Byline: James Coates Chicago Tribune

As the 1996 holiday season opens, a growing number of Americans who used to relish spending a cozy winter evening pouring over mail-order merchandise are finding the mother of all catalogs to keep them company.

These World Wide Wishbooks live on the Internet. They come into your snug little home over the telephone line and play out on your computer screen in the form of sites on the World Wide Web.

American merchandising moguls are rushing onto the Net, smelling enhanced sales as a result of the Web's ability to enhance their pitches, lures and order forms.

From Spiegel's to Sears, FAO Schwarz to Fire Girl Chili Peppers, the great global amalgam of computer networks known as the Internet abounds with the online equivalent of storefronts, an all but unending stretch of virtual strip malls and tony boutiques.

Cybershopping, in other words, is like real shopping. One doesn't send one's children out on their own with a fistful of plastic.

Like their cardboard and glossy paper cousins, cybercatalogs are replete with photos of each company's wares along with boastful descriptions about why you can't live without each item listed.

The great bulk of all Web shopping currently works just like regular catalogs do. You find what you want and then either phone up the company or send them a written order via fax or U.S. Postal Service snail mail to arrange payment.

Meanwhile, daring souls can find many sites that will let them send their credit-card numbers and expiration dates over the Net using a variety of security schemes built into various Web browser software. No clear single encryption standard has emerged to date here, however, so binary buyer beware.

Already, there is much to recommend using the Web in place of paper catalogs without giving another thought to the technology problems of the vendors eyeing the gigabyte grail called electronic transactions.

Because the online catalogs are coming over the new, interactive computer linkups, they boast bells and whistles no paper catalog ever could - things such as eye-grabbing animations, sounds and even small movies that play out on inch-square windows on your screen.

For example, one can jump to Elektra Records' site and listen to a few bars of the lead cut on Nanci Griffith's latest album and then order the CD on the spot. Ditto for roughly 200 other Elektra artists, most of them better known than Griffith. (That site is at http://www.elektra.com)

And there is plenty of space on Elektra's Web store to publish photos of each of its hundreds of artists along with lengthy biographies and links to Web sites posted by fans of each.

A more mass-marketing climate reigns elsewhere on the Web, where entire shopping malls now are online in the form of iMall and America's Choice Mall, which include 700 stores each, and a similar site called Downtown Anywhere.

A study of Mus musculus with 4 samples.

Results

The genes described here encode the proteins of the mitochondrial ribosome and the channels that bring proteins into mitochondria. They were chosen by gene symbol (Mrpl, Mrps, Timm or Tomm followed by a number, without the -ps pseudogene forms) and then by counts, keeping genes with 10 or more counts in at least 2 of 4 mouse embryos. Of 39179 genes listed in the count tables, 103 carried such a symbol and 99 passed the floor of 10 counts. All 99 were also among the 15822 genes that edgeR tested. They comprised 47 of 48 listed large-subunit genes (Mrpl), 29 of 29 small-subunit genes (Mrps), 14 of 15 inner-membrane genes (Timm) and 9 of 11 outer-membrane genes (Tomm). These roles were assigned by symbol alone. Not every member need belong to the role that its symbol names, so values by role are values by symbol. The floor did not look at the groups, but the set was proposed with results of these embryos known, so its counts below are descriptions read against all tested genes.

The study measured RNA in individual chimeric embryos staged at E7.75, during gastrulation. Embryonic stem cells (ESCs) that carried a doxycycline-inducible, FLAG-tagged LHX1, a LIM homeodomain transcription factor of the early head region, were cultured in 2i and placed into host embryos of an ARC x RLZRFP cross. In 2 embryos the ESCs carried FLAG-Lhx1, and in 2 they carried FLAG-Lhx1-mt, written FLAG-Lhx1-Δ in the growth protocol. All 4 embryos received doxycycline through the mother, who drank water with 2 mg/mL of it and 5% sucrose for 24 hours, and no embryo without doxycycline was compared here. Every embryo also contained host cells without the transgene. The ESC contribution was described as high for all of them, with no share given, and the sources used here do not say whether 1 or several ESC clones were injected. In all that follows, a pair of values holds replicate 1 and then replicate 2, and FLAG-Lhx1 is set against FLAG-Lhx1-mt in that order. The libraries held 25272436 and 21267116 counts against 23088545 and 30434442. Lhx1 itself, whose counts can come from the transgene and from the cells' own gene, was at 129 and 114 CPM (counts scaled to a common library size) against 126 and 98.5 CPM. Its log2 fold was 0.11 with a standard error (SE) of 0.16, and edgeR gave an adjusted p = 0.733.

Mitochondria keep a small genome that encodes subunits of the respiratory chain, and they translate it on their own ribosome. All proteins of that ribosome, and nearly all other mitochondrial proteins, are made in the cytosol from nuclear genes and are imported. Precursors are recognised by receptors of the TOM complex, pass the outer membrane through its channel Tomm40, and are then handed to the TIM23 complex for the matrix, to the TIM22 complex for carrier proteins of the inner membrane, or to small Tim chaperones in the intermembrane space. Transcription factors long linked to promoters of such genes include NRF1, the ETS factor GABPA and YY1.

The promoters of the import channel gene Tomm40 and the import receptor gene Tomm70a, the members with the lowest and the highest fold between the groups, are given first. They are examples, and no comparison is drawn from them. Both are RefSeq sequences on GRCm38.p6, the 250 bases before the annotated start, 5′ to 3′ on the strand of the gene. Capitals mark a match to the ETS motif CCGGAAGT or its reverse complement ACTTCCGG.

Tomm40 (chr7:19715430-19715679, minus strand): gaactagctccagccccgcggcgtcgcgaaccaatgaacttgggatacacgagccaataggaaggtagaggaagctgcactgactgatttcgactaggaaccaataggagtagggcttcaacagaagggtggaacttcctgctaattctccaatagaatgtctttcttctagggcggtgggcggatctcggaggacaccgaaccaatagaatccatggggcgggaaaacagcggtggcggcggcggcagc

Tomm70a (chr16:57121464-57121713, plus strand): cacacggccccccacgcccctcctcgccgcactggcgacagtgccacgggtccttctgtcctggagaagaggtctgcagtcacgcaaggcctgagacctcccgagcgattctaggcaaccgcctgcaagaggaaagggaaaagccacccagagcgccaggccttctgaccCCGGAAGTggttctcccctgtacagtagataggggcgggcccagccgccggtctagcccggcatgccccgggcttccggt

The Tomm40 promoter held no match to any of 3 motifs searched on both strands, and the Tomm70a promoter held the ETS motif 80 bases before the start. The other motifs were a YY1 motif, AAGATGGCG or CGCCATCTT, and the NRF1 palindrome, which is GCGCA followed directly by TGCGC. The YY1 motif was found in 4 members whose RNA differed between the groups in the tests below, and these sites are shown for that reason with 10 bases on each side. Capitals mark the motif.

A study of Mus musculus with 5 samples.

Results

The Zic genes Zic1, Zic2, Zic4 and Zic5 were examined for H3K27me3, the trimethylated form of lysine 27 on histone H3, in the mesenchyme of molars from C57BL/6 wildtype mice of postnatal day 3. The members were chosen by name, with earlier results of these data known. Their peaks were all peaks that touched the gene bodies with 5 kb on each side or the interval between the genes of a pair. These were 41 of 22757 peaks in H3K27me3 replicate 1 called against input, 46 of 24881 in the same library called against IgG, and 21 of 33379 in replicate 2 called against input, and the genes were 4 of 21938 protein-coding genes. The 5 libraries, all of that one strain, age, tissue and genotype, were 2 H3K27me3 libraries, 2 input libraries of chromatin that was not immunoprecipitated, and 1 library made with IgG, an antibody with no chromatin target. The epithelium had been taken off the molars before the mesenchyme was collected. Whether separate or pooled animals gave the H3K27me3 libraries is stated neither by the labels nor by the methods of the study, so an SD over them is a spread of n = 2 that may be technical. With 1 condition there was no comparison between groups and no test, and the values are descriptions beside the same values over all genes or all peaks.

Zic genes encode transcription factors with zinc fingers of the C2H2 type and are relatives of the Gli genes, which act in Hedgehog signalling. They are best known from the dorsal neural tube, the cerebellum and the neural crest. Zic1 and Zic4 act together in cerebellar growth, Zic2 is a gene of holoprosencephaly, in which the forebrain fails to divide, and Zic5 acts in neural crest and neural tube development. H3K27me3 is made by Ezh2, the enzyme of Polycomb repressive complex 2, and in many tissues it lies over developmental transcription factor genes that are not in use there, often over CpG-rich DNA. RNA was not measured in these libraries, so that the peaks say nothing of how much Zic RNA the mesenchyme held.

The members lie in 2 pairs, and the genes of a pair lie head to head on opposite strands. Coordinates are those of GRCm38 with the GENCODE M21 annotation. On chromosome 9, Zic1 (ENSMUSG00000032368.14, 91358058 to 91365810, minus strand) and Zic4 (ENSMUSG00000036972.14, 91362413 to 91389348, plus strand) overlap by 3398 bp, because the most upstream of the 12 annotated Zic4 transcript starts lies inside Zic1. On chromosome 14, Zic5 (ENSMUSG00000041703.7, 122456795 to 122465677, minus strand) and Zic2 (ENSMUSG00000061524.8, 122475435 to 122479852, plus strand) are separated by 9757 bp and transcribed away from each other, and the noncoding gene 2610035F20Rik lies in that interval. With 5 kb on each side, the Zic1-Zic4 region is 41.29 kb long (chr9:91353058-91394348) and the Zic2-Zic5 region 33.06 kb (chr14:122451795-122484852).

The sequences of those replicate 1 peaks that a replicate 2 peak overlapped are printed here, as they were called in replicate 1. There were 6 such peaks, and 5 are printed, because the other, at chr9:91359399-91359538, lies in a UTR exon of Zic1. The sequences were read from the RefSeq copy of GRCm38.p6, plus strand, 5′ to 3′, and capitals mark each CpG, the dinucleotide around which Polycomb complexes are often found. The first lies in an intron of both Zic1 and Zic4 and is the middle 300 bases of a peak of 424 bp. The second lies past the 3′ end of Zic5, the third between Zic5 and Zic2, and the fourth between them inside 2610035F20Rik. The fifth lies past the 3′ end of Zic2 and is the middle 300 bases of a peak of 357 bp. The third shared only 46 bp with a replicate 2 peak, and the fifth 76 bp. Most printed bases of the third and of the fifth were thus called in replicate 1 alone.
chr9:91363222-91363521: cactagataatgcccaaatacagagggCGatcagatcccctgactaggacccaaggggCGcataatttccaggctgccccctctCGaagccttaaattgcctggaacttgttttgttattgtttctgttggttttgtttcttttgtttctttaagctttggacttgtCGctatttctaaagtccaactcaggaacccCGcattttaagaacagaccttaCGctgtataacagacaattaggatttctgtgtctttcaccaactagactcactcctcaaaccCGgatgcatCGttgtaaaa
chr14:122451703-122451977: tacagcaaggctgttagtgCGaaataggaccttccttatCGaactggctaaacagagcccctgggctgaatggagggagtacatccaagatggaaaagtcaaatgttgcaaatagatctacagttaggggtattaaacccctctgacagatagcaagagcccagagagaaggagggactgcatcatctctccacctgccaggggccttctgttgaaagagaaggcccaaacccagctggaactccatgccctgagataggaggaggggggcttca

The Downtown Anywhere site at http://www.awa.com also lists stores in the hundreds, but uses the metaphor of a town's shopping district rather than a traditional shopping mall. Imall is at http://www.imall.com, and America's Choice Mall is at http://www.choicemall.com.

The malls are just that, grand collections of just about every store one finds at the real things, but with merchandise displayed in the form of photographs, drawings or multimedia sound and film clips.

Like shopping in a real town, the experience at Downtown Anywhere is broader than cruising a commerce-only mall. Downtown Anywhere includes art museums, points of interest and even postings of mini-sites done by people who have come before to shop and browse.

Web shoppers can also visit the Chicago-based Netmall, a project of the programmers at American Information Systems Inc. that boasts stores for companies including Encyclopaedia Britannica, Spiegel, Elek-Tek, and Ameritech. All these stores can be found at http://www.netmall.com.

The Elek-Tek site linked through Netmall is particularly appealing to computer-oriented folks who tend to find their way onto Web shopping sites at the dawn of the phenomenon.

The site amounts to an online and always up-to-date version of the computer seller's major inventory items, complete with extensive descriptions of each product and information about whether it is in stock, what it costs, etc.

One can even do the actual buying of items such as $5,000 notebook computers online.
COPYRIGHT 1996 Daily News
No portion of this article can be reproduced without the express written permission from the copyright holder.
Copyright 1996, Gale Group. All rights reserved. Gale Group is a Thomson Corporation Company.

Article Details
Publication:Daily News (Los Angeles, CA)
Date:Dec 21, 1996
Words:728
Previous Article:EXOTIC DECOR ADDS UNEXPECTED SPICE.
Next Article:HAVING AN E-MAIL HOLIDAY SEASON.